Thursday, December 17, 2015

Writer in Trouble

I just received word that poet Michael Grover has cancer and in need of cooperative aid from the writer community. Here’s a link to a site dedicated to fundraising for him—with explanation of what’s happening:

I know Michael from my days in Philly when I was spearheading THE most radical writers group ever. (Underground Literary Alliance.) I met Mike in a large calling room in which we were both (ironically) fundraising for an ostensibly activist organization. I had something of a reputation at that time, as well as the loudest voice in the room. What struck me about Grover was his consistency—he could read the same script again and again and each time nail it perfectly. I recall that when I heard he was a poet I gave him a little bit of a hard time—mocking the art and its big names. He assured me there were talents outside the closed world of academe who were keeping the art form vital.

When I saw him read at a place on South Street one evening I realized he was right. He had several dynamic spoken word poets there, including his colleague Natalie Felix. Soon they moved their show to the Five Spot.

We became buds on the job—double-dating after work regularly with two ladies from the place. Since we usually went to the same bar on Walnut Street where they had great pitchers of margaritas, we started a little club named after the place, “The Moriarty’s Society.” Membership cards even.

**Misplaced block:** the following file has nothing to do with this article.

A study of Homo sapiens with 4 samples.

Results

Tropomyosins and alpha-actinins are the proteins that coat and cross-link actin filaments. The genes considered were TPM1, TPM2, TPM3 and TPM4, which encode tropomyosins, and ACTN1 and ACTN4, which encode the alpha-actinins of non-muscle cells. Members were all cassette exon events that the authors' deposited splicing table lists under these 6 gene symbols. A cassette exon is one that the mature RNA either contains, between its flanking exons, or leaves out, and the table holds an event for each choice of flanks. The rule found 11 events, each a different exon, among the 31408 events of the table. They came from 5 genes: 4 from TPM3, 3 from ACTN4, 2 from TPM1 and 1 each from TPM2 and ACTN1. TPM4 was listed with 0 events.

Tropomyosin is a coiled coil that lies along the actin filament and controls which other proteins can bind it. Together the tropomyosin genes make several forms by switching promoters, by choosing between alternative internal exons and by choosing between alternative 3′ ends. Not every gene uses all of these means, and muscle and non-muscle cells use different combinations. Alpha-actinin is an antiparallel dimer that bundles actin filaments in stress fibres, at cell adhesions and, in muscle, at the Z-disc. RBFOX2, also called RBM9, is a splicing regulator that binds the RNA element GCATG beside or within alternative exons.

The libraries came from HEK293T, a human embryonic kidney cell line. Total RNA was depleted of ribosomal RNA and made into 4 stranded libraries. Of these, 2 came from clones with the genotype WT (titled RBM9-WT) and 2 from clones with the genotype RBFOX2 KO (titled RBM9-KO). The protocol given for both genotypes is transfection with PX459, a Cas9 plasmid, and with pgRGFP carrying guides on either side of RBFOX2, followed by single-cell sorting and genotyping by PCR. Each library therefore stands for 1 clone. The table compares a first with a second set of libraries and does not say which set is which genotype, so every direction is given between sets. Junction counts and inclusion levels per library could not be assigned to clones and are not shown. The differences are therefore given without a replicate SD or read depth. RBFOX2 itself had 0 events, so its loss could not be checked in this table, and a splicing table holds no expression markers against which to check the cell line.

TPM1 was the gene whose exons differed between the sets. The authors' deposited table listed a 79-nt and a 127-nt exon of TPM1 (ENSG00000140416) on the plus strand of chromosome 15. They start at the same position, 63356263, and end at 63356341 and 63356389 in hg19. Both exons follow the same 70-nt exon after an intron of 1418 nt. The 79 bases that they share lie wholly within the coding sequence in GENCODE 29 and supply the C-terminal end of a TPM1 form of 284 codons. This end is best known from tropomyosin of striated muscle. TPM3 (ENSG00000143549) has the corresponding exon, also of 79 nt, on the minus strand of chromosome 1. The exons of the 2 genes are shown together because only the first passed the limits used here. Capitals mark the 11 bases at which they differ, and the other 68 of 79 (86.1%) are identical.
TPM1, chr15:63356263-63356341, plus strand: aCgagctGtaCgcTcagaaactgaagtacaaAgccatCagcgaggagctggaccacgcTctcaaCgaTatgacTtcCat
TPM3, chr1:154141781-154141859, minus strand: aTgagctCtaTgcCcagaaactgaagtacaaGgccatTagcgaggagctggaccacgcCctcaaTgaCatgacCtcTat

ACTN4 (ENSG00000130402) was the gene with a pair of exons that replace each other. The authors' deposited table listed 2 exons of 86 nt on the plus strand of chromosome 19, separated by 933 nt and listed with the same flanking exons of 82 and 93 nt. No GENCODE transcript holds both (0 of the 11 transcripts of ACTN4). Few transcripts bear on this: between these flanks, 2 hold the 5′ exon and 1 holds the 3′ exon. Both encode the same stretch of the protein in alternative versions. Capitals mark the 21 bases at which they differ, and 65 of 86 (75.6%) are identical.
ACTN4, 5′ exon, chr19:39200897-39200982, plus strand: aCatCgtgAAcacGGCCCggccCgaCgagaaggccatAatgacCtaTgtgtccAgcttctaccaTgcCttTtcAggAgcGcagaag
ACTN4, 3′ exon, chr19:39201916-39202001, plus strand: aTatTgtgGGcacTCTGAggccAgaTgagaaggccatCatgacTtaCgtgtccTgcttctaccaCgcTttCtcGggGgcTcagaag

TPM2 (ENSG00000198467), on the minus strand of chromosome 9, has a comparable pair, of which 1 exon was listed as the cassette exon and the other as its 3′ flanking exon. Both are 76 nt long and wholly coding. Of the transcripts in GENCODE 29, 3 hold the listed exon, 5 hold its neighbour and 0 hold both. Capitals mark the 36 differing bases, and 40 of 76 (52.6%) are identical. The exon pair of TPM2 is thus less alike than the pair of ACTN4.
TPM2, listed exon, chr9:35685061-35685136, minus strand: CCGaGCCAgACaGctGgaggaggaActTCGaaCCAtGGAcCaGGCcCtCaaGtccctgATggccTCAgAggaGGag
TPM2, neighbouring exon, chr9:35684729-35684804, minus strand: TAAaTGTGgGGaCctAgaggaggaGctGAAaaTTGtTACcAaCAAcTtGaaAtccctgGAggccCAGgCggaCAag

At some other point we formed another club—also with membership cards—called “Left Wing Wackos.” This because a rather buttoned-down bourgie caller would tell people on the phone, “We’re not a bunch of Left-Wing Wackos.” Grover would laugh and say, “But we are!”

To give another anecdote out of many: One afternoon the two of us were drinking at the famous Philly bar McGlinchey’s. Rather heavily. At one point I realized I was blitzed and said, “I won’t be able to make it,” about the job and called in sick. Michael determined to go in. He’s a guy who doesn’t show when he’s been drinking, but I knew he was blasted. He walked out of there in a straight line, staring ahead, his eyes fixed on his mission. I later heard he had one of his best evenings calling ever.

I read at a few of Grover’s events, and recruited him for a few ULA readings. Notably, at a benefit for a writer in Chicago in 2003, and at our Medusa show in Philadelphia in 2005—of which there’s video. We eventually had a falling out—at the time I was a hard charger and maybe even a little crazy.

I’ve always believed Michael Grover to be one of the absolute best spoken word poets in the country. Here’s hoping he gets well soon so he can continue his poetry making.